A £28m re-branding of its core beers in the UK, is only the first step in Carlsberg-Tetley's plans to drive sales in the increasingly competitive market. CEO Colin Povey talks to Chris Brook-Carter about the push towards premium and why the UK won't consolidate further.

Carlsberg announcement this week that it is to invest £28m to re-launch its two leading brands on the UK market, employ Danish super model Helena Christiansen to market them and has developed new technology to dispense a pint of either in 14 seconds. It should sound a clear warning that the UK is about to enter a period of heightened competition.

Carlsberg's move in itself may be a reaction to the arrival of the canny international player Interbrew and US giant Coors in the UK, designed to pre-empt what will no doubt be a genuine shake-up of this mature market.

Of the two, it is likely to be with Interbrew (and its Stella Artois) where the real battle will lie, as the crux of Carlsberg's plans is to push its Export brand further into the premium end of the market.

"The big brands continue to get bigger at the expense of the smaller brands and the need for the larger players to keep a sustained level of investment is crucial," says Colin Povey, CEO of Carlsberg Tetley. "The biggest thing is to give Export a more premium image. It will maintain its link with the Carlsberg brand but we are more clearly differentiating the two variants."

The most obvious shift in focus is in the brand's packaging, which will change from a green to gold can with a mat finish, "a first for the beer industry," Povey explains.

The stagnant nature of the UK's standard lager category has also driven the company to upgrade the image of its eponymous standard brand. On top of a makeover of the can and bottle, Carlsberg Lager will now only be known as Carlsberg. "Consumers understand Carlsberg is a quality lager and that Carlsberg is a lager. It has enabled us to clean up the image on the bottle and the can," says Povey.

Povey protests that the standard brand is not being ignored in favour of a bigger place for Export in the portfolio. "It is not a question of either/or, we are supporting both variants strongly." And, given the sheer size of the standard market, Carlsberg cannot afford to take its eye off this category. But premium is where the growth is, and from this side of the fence it is apparent Carlsberg believes this too - Export is where the future lies.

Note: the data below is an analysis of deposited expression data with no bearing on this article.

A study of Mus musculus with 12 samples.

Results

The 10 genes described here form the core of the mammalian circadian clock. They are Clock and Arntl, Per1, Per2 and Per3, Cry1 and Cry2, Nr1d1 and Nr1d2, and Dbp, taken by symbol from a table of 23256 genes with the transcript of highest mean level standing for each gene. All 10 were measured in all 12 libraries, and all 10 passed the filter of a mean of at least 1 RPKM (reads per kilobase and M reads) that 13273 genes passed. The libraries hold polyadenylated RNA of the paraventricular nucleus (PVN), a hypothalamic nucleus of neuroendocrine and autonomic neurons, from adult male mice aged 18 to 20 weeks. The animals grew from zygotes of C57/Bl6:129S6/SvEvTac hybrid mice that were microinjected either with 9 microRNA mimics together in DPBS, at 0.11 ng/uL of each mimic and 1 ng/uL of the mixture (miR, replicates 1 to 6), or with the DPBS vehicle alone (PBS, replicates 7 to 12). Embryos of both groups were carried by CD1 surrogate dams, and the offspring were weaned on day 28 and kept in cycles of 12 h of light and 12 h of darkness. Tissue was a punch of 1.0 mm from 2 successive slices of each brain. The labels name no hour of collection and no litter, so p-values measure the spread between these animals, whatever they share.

The brand grew 30% last year in a market where premium lagers jumped only 7%, helping the Carlsberg brand in total leap 12% against a stagnant 2% increase in the general market. And, Povey is confident that the investment will pay off with similar performance levels.

"The UK market is very competitive but we are looking to sustain and improve on [this year's] performance." Indeed 2002 has already started well with a major re-listing in off-license chain First Quench and growing supermarket shares. Povey says Carlsberg will also be announcing "other deals in the next few weeks".


"But the good news needs to be tempered, coming as it does against a backdrop of continuing stagnation "
But the good news needs to be tempered, coming as it does against a backdrop of continuing stagnation in the general beer market, and Povey is candid enough to admit that Carlsberg's success has come at the expense of other beer brands rather than through any achievement in bringing new drinkers to the category.

"The industry is worried about this topic. But we can be a bit pessimistic. This is a £16bn industry in the UK and with the right portfolio you can generate good growth. The big brands are pinching from the smaller brands and the longer challenge is to get the drinker from wine and spirits. Vortex is part of that response."

Vortex is Carlsberg's new delivery mechanism for the on-trade, designed in conjunction with Birmingham University. A vortex in the dispensing tap is said to improve head formation and retention, while pouring a pint in around 14 seconds (30% quicker than conventional taps). In the convenience driven world this is an interesting development in the fight against the likes of Smirnoff Ice and bottled beer.

It is as a result of the stagnant nature of the UK market that there has been so much speculation of consolidation in the last six months, some of it concerning Carlsberg-Tetley itself. In particular there were reports earlier this month that the brewer was close to finalising a deal with Belgian giant Interbrew to merge the distribution operations of both companies in the UK market.

But Povey says there are no plans to merge Carlsberg-Tetley at the moment. "We have to remind ourselves we have a truly international brand with a real heritage to work with. We need to have confidence in that," he says.

He then adds: "Everyone is trying to get a structural solution, but even if brewers want it the regulators won't so I can't see it happening."  Indeed, following the subsequent upheaval that came in tow with Interbrew's eventful arrival on the scene (which has subsequently resulted in Coors arrival), Povey sees the situation now in the UK as "clearly very competitive" but "much more settled".

"There is fairly consistent speculation about S&N's (Scottish & Newcastle) vertical integration and there will clearly be some consolidation in pubs. A number of the large pub groups are looking for 6-10,000 (pubs) instead of the 2-3,000 they have now. But will the big four (UK brewing operators) become a big two like the normal European model? In my opinion no."